THE founder of Afe Babalola University, Ado-Ekiti (ABUAD), Aare Afe Babalola (SAN), has put smiles on the faces of two mentally-ill orphans in Ekiti State.
The lucky orphans from Kogi and Ondo states were taken from the street and rehabilitated by Babalola in his university’s multi-system hospital’s intensive Medicare after 15 years of mental derangement.
Speaking on Thursday at a ceremony organised to reunite them with their families at ABUAD, Babalola said he had to show pity after discovering them in their pitiable lunatic condition.
He said ABUAD got approval from Ekiti State Governor Kayode Fayemi about the university’s intention to take lunatics off Ekiti streets for rehabilitation.
The legal icon said his unquenchable thirst to give hope to the hopeless and help the helpless propelled him to pick the orphans for rehabilitation.
Babalola added that he derived pleasure from donating to humanity for the benefit of mankind, describing his philanthropic gesture as God’s gift and innate.
“I think what I am doing is natural. I remember my mother used to scold me that I was a thriftless person. I am just used to giving and helping others, particularly the poor and the sick.
“I established this university and hospital to fight poverty through philanthropy. I am only happy when people around me are happy.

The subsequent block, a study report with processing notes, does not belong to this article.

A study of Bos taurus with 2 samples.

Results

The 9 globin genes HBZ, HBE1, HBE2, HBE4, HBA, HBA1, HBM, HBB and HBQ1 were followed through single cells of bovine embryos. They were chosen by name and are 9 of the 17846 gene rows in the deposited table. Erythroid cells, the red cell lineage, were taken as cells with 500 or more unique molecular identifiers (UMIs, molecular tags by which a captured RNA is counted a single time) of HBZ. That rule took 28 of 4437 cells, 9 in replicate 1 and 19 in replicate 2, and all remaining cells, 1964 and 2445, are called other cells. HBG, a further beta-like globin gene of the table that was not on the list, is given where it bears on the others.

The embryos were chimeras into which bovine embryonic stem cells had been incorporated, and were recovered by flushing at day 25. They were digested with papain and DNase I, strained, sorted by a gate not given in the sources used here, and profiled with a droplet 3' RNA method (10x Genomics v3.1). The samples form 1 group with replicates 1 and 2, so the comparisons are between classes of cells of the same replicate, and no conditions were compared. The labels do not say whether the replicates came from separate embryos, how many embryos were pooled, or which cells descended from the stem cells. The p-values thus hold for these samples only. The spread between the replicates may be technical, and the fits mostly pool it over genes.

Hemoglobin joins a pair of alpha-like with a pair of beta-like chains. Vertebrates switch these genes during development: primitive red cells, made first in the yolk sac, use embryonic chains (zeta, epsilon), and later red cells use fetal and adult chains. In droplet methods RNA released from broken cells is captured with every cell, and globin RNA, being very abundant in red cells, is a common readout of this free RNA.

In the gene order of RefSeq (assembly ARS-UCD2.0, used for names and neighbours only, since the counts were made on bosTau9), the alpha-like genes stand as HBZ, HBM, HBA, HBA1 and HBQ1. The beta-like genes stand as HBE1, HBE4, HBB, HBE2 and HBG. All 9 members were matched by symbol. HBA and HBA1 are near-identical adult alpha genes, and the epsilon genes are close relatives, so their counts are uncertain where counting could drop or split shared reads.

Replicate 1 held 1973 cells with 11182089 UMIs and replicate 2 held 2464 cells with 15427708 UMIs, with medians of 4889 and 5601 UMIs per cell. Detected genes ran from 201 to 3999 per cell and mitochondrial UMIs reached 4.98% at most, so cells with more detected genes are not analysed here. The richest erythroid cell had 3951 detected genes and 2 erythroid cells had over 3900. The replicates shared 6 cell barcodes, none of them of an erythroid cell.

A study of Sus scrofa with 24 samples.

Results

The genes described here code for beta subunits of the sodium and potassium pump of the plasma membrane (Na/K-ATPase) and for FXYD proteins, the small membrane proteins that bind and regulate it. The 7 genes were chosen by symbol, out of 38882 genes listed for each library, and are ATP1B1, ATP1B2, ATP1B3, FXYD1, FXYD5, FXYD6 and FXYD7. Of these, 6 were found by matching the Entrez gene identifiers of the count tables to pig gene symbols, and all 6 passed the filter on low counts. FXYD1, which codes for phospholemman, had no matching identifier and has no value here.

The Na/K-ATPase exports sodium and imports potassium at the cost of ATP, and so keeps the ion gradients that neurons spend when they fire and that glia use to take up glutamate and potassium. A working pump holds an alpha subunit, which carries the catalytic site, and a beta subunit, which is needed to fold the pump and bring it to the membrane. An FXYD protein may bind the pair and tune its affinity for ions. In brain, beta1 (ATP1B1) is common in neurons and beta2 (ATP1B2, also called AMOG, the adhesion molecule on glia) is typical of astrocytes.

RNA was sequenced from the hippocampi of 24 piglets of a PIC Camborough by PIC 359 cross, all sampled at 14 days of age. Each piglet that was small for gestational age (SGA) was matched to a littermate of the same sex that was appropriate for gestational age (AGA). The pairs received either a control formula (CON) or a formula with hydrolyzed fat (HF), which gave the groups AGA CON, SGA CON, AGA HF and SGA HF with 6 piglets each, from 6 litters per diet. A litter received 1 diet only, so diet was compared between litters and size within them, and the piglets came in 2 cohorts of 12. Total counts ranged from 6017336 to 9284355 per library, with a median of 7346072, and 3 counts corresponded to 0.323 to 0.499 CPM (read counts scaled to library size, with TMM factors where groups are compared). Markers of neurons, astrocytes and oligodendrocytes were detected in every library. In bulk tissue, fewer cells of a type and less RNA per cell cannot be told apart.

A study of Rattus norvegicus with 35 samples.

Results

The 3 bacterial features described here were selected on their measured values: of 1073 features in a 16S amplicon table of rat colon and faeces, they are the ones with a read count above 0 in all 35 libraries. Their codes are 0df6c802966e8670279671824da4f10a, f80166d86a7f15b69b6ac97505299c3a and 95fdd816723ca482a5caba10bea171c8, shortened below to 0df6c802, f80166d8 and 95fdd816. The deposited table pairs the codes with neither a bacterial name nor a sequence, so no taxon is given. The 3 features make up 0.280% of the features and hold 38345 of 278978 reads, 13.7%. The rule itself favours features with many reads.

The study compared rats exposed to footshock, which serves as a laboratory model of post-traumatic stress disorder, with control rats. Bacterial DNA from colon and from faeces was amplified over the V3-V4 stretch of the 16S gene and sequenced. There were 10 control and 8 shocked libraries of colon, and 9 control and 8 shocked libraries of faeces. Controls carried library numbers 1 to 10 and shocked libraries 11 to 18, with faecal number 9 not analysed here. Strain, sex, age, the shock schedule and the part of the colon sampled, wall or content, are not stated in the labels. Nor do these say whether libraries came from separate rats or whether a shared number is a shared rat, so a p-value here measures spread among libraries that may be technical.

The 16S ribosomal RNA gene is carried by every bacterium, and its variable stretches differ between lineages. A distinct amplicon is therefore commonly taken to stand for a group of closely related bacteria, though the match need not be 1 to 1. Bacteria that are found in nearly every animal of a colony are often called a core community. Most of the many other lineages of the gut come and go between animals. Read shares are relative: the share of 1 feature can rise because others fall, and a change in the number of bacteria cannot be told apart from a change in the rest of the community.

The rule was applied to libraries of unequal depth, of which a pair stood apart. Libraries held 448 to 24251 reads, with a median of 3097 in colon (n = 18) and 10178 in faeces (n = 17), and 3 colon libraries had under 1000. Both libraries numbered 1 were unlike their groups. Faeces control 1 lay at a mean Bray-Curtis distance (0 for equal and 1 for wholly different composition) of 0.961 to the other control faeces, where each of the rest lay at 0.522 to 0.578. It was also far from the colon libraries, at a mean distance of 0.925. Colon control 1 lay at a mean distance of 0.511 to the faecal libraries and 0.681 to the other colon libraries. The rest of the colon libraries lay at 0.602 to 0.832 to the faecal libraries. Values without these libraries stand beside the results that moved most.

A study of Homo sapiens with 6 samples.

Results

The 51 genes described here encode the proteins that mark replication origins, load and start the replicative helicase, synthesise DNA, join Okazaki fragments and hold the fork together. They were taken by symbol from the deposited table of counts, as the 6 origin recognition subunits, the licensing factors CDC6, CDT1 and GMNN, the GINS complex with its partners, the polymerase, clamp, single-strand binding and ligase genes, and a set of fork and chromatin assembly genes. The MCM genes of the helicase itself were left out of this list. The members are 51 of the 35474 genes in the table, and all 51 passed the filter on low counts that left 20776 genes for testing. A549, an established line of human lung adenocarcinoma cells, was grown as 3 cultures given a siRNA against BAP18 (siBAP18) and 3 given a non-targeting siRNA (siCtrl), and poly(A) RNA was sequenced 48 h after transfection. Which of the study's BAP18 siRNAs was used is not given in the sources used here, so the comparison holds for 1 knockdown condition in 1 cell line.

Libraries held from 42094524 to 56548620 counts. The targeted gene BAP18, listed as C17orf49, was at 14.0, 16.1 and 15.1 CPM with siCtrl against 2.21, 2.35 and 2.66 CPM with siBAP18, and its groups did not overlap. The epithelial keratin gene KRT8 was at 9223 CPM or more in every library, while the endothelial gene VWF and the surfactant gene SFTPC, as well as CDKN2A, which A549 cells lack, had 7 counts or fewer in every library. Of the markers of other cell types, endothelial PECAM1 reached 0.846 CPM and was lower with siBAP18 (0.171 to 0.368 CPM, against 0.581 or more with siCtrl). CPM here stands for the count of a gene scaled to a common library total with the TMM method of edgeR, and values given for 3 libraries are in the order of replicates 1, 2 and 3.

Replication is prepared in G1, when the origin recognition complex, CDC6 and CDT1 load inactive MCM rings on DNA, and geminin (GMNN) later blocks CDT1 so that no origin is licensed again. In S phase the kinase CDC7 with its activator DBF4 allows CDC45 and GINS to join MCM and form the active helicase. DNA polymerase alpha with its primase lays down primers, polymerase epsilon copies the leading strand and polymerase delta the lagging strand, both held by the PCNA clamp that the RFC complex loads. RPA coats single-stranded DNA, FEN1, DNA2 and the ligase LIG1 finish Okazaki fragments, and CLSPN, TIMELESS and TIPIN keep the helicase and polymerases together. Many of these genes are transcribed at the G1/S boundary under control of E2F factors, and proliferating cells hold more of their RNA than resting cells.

“What I did was to display passion for humanity and I believe we can all do same. The lunatics on the streets are humans; don’t stone or discriminate against them. Instead of doing that, bring them to ABUMSH for treatment.
“From today, these two ladies have become my daughters and I will establish them with businesses that will make them successful in life,” he said.
Babalola urged the people not to stigmatise mental illness patients.
The ABUAD founder also advised the government to borrow a leaf from him and replicate such gesture in helping the destitute.
ABUAD’s Acting Vice Chancellor Prof Sylvester Ojo said Babalola had replicated the same gesture through scholarships, free legal services to the oppressed and giving funds to farmers in the 16 local government areas of the state to boost food production.